The Top Causes Of Bad Breath

 

Bad breath is one thing that we all fear. Whether you’re going in for a job interview or your first day of classes, having bad breath is never a great way to make friends or gain social acceptance. Although simply brushing more often is a great way to start, it certainly isn’t the whole story. In this blog, we’re going to take a look at some of the top causes of bad breath and what you can do about them. In the meantime, if you’re looking for a periodontist in Tukwila, contact your board-certified professionals here at Pacific Northwest Periodontics.

Diet

Possibly the biggest cause of bad breath is your diet. Sometimes, you can brush as rigorously and often as possible, but that’s not necessarily going to override the smelly foods you’ve been eating. Foods like onions, garlic, and other pungent things tend to linger in your mouth much longer than you prefer. If you want to avoid having bad breath throughout the day, try avoiding these foods until after you get back from school or work.

Dry Mouth

Believe it or not, your saliva contains healthy bacteria that help to eliminate and keep bad odors at bay. However, if your mouth lacks saliva and you have dry mouth, you’re probably going to have bad breath, even if you haven’t eaten anything recently. If your mouth is feeling especially dry, try increasing your water intake. This won’t help immediately, but after some time, you’ll notice your mouth feels less dry and the foul odor is gone!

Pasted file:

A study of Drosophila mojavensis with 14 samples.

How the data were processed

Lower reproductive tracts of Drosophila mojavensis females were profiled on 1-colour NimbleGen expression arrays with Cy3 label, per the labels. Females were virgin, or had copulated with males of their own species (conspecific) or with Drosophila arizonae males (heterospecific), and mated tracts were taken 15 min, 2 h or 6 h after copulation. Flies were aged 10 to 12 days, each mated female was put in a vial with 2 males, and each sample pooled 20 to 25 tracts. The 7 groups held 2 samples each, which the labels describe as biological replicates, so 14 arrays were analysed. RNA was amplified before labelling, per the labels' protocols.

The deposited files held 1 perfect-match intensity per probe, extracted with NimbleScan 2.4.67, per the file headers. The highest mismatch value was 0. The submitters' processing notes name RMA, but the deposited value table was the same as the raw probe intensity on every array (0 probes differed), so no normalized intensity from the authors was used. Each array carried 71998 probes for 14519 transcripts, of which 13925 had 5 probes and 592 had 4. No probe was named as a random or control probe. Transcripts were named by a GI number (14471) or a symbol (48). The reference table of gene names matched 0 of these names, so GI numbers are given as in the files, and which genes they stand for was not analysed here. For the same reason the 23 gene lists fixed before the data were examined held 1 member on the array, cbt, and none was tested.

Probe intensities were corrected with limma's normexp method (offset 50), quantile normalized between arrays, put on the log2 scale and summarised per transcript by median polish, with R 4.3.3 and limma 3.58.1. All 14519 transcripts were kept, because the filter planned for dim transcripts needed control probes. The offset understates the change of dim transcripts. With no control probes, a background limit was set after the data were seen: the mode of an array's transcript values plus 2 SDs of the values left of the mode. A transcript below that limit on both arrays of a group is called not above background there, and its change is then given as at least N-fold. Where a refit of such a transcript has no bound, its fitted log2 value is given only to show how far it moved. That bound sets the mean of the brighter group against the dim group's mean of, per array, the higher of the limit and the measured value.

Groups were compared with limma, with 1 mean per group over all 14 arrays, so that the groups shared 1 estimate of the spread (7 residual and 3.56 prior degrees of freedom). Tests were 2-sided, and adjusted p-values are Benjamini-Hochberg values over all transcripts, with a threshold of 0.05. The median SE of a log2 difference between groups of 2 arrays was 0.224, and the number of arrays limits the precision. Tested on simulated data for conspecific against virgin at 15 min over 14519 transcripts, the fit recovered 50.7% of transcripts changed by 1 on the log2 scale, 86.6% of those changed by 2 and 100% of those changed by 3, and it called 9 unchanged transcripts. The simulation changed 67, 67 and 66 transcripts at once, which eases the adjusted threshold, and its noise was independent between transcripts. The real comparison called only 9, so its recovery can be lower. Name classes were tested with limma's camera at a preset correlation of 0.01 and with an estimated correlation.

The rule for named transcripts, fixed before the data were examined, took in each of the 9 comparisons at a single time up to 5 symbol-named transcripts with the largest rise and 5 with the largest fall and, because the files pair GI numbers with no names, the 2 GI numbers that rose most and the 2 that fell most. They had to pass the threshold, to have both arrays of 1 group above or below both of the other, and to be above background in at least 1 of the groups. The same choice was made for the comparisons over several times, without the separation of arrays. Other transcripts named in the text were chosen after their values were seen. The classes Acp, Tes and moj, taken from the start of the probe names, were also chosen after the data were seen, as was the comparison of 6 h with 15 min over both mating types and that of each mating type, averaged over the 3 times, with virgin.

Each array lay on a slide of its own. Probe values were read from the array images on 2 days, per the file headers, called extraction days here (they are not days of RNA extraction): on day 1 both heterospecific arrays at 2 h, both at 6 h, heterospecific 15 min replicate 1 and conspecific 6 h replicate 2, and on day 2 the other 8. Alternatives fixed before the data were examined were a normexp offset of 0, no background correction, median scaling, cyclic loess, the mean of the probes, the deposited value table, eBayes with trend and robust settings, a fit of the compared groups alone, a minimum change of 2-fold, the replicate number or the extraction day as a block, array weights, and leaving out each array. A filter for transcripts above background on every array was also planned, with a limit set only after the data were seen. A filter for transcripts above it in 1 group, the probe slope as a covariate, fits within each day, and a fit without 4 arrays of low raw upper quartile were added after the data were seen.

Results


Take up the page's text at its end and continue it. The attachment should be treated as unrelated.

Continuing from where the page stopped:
Poor Oral Hygiene

Everyone knows that brushing your teeth will keep your mouth smelling and feeling fresh, but what about flossing? Flossing does a great job of removing bacteria and food particles from in between the teeth that can result in an awful smell. Be sure to floss immediately after brushing for the ultimate bad breath fighting technique. Most dentists recommend brushing twice daily to prevent tooth decay and gum disease, however, if you want to prevent bad breath, we recommend brushing after every meal.

Oral Diseases

Oral health conditions such as gum disease, gingivitis, tooth decay, cavities, and periodontal disease can all contribute to bad breath. Occasionally, old fillings may wear out, leading bacteria to accumulate and re-infect the tooth. If your gums feel puffy, sore, swollen, or they look red or bleed, you most likely have gum disease which can range from mild to severe. Although this will cause you to have bad breath, a bigger concern is the condition of your gums and their supporting structures. If you’re exhibiting any of these symptoms, contact your local periodontist for an appointment.

Smoking/Alcohol

Alcohol and cigarettes are two major contributors to bad breath. Not only that, but people who smoke are much more likely to develop serious oral health issues. According to a study done by the Journal of Dental Research, people who smoke are about three times as likely to lose a tooth due to tooth decay or periodontal disease. So, not only does smoking itself cause bad breath, but it can result in conditions that will further contribute to bad breath.

Contact Pacific Northwest Periodontics

Although bad breath could just be a sign you haven’t brushed today, it could also be a sign of a more serious issue. If you’re concerned that you may have bad breath due to gingivitis or periodontal disease, schedule an appointment with our Seattle periodontists today. Our board-certified technicians will search for any signs of oral disease or infection and lay out a plan that’s best for you. Give us a call today.